2018 Ultimate Adventure Derange Rover, Part 5 #UA2018

Part 5: Rollcage, Seats & Roof Over Our Heads

Verne SimonsPhotographer, Writer

Most folks in the U.S. don’t know much about late-1980s Range Rovers. Given its 1989 price tag of $30,400, that’s not surprising. Some car nuts know that at least part of the body is aluminum, but if you’re like us you probably didn’t realize how little is made of the lightweight nonferrous metal. The frame is fully boxed steel (really a tubular steel with multiple layers and internal gussets) that’s thick enough to be rigid but thin enough to tear and dent more easily than we would like. From there up is a steel internal body structure, which extends up into the roof.

Outside this body “skeleton” are a few bolt-on aluminum body panels, including the roof, quarter-panels, cowl, door skins, and so on, and excluding the hood, tailgate, and rear quarter corners, which all bolt-on but are good ol’ weighty British steel. Even the doors have a steel inner structure.

The point is that there isn’t much weight-saving aluminum in a 1989 Range Rover Classic. As a result, Range Rovers are strong, but they ain’t anywhere near light—especially when you add in about 200 pounds of electronics in the form of relays, wires, computers, CD changers, amps, and motors to make this thing late-1980s-fancy. We like vehicles that are lightweight. In fact if we had our druthers, we’d prefer a four-cylinder Jeep, Kia, or Suzuki. Oh, did we mention that the Derange Rover will have dual transfer cases, 1-ton axles, a diesel engine, winch, armor, a rollcage, and so on? Even on paper this thing is getting heavy.

So given all this info we knew the Derange Rover wouldn’t be a bantamweight, but that doesn’t mean we can’t try to keep things as light as possible and at least place weight down low where we want it. The 1-ton Ultimate Dana 60 axles aren’t light, but that weight is down really low, in theory adding stability (to a point). The Offroad Design Magnum Box underdrive isn’t bad in terms of weight, but that bulletproof NP205 is heavy for sure. But like the axles it will sit relatively low in the chassis. The Cummins R2.8 weighs more than the Rover’s original aluminum V-8 but it’s lighter than many other diesel engines and it makes gobs more torque. That is weight we want and can compromise for.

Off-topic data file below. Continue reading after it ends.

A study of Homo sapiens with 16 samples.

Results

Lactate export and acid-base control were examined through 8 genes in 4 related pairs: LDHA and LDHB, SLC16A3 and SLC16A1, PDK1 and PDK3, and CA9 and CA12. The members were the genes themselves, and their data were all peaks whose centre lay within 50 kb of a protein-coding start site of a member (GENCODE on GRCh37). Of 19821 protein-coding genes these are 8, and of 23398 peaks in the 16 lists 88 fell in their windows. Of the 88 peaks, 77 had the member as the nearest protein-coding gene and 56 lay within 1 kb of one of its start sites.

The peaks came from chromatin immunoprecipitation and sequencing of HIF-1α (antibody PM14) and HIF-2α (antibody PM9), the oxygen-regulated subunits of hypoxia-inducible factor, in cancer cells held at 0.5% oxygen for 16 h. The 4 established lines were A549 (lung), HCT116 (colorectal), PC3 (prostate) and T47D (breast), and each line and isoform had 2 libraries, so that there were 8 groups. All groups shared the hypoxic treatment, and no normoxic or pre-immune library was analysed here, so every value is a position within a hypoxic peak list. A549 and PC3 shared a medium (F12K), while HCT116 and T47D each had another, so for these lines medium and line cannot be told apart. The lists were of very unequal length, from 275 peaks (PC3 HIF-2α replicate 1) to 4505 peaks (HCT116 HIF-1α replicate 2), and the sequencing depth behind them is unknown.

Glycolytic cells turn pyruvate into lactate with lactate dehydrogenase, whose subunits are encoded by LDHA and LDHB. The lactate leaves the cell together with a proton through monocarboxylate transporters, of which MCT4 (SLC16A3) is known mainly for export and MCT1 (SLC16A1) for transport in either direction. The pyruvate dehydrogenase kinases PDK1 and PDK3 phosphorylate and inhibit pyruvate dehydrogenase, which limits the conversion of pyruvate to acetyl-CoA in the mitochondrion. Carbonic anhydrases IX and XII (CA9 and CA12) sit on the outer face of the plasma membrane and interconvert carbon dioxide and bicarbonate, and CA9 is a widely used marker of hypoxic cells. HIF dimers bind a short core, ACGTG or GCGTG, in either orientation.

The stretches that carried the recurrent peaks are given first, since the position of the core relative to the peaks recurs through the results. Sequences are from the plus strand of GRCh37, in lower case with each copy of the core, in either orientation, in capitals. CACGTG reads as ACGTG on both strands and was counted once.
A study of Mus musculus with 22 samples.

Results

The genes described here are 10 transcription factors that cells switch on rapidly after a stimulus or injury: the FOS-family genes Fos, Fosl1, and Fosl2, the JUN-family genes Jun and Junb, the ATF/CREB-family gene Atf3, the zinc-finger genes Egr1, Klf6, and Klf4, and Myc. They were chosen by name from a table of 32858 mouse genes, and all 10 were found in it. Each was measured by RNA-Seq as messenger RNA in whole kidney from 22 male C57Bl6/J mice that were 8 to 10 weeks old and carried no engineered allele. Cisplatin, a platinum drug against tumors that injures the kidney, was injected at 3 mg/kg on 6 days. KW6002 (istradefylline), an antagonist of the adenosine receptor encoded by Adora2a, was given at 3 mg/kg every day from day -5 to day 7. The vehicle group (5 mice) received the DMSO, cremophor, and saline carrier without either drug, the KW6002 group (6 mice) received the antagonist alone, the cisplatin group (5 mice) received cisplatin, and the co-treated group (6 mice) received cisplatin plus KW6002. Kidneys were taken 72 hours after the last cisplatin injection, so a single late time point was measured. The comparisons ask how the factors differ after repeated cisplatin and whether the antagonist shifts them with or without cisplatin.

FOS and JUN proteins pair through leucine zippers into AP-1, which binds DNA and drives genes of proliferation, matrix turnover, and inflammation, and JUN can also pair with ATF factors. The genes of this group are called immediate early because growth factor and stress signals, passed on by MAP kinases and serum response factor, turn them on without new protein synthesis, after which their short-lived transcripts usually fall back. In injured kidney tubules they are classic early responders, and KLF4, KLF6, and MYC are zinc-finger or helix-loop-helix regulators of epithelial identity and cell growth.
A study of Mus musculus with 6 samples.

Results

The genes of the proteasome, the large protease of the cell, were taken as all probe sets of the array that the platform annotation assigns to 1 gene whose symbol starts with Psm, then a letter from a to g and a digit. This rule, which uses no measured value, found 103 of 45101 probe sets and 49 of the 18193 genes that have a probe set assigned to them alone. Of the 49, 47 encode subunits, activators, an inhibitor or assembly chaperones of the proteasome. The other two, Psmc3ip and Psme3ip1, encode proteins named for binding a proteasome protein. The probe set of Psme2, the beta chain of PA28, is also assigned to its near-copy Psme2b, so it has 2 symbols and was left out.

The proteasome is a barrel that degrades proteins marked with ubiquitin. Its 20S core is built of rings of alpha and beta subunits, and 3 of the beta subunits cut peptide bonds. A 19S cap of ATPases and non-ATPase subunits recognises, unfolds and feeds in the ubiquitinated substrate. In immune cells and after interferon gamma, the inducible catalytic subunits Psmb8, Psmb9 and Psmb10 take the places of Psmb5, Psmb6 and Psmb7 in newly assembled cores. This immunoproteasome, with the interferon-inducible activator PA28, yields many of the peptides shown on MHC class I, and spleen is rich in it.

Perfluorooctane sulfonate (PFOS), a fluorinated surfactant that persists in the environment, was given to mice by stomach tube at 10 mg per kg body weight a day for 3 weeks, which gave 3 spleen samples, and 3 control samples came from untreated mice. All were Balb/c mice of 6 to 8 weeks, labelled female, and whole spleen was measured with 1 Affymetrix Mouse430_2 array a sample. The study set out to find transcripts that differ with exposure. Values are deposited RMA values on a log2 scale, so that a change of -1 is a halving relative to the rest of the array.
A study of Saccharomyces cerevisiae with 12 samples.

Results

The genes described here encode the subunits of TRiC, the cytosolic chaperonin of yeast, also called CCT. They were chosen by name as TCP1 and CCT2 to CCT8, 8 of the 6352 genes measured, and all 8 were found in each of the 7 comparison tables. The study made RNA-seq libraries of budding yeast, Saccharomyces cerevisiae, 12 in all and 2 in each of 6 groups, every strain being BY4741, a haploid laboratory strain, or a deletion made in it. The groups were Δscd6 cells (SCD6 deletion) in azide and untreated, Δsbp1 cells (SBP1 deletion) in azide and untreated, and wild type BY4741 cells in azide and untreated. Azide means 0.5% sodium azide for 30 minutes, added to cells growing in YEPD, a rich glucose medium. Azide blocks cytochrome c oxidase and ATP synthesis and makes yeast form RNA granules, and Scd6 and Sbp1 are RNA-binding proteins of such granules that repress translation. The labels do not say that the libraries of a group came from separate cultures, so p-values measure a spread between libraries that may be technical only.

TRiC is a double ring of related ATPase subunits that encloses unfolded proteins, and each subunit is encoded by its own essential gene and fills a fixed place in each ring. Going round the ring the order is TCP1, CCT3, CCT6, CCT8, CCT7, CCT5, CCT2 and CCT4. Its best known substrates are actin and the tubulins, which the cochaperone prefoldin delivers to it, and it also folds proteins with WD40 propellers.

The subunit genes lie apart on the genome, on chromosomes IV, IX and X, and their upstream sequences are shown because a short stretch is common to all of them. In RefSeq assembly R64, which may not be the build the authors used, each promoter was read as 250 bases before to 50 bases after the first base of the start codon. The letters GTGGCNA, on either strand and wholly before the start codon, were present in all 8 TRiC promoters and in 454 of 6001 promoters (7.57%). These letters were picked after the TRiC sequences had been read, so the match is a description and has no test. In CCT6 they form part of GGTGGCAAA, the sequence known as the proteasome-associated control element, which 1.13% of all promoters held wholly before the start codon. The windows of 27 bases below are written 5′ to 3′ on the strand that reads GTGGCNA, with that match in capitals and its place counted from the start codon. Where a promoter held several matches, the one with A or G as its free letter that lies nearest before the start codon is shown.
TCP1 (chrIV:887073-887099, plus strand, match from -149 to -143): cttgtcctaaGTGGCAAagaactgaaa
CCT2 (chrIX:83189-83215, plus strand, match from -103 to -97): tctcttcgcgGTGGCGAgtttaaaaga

What we can’t compromise for are electronics that we don’t need (that don’t work anyways), especially ones that are high up in the Derange Rover’s body. The original seats aren’t all that comfy to begin with, and with multiple electric motors tucked under them they aren’t lightweight either. Easy—we’ll toss them for a set of MasterCraft Baja RS seats. How about that huge and nonfunctional electronic sunroof? Yep, gone. A Legacy Products Soft Top is a much better solution for us. Add in just about every inch of factory wiring and all of the modules relays, computers, black boxes, timers, factory HVAC . . . all of it needs to go! An easy decision is to replace one of the Rover’s weakest links (the wiring) with a smaller, simpler Painless Performance wiring harness.

When it comes to the Derange Rover, whatever we don’t need we don’t want. In short, we gutted the Rover’s interior, only adding back in the things we need, like a stout rollcage, a simple dash, comfy seats, and not much else. Did we save much weight over stock? Probably not, but the Rover is safe and comfortable without all the heavy fluff that a late-1980s luxo-ute would have. Oh, and did we mention almost none of the electronics worked anyways?

Corner Gussets & Triangles

There is a lot of art and science in building strong steel structures like rollcages, but a few simple rules can make a big difference. The corners are generally weak points, and triangles are your friends. One way to beef up the corners of a ’cage is with corner gussets (little triangles), but most of us are not born knowing how to build good corner gussets. Sure, you can buy some, but these that we copied from our friend Rob Bonney at Rob Bonney Fabrication are relatively easy to make and add a ton of strength to our corners.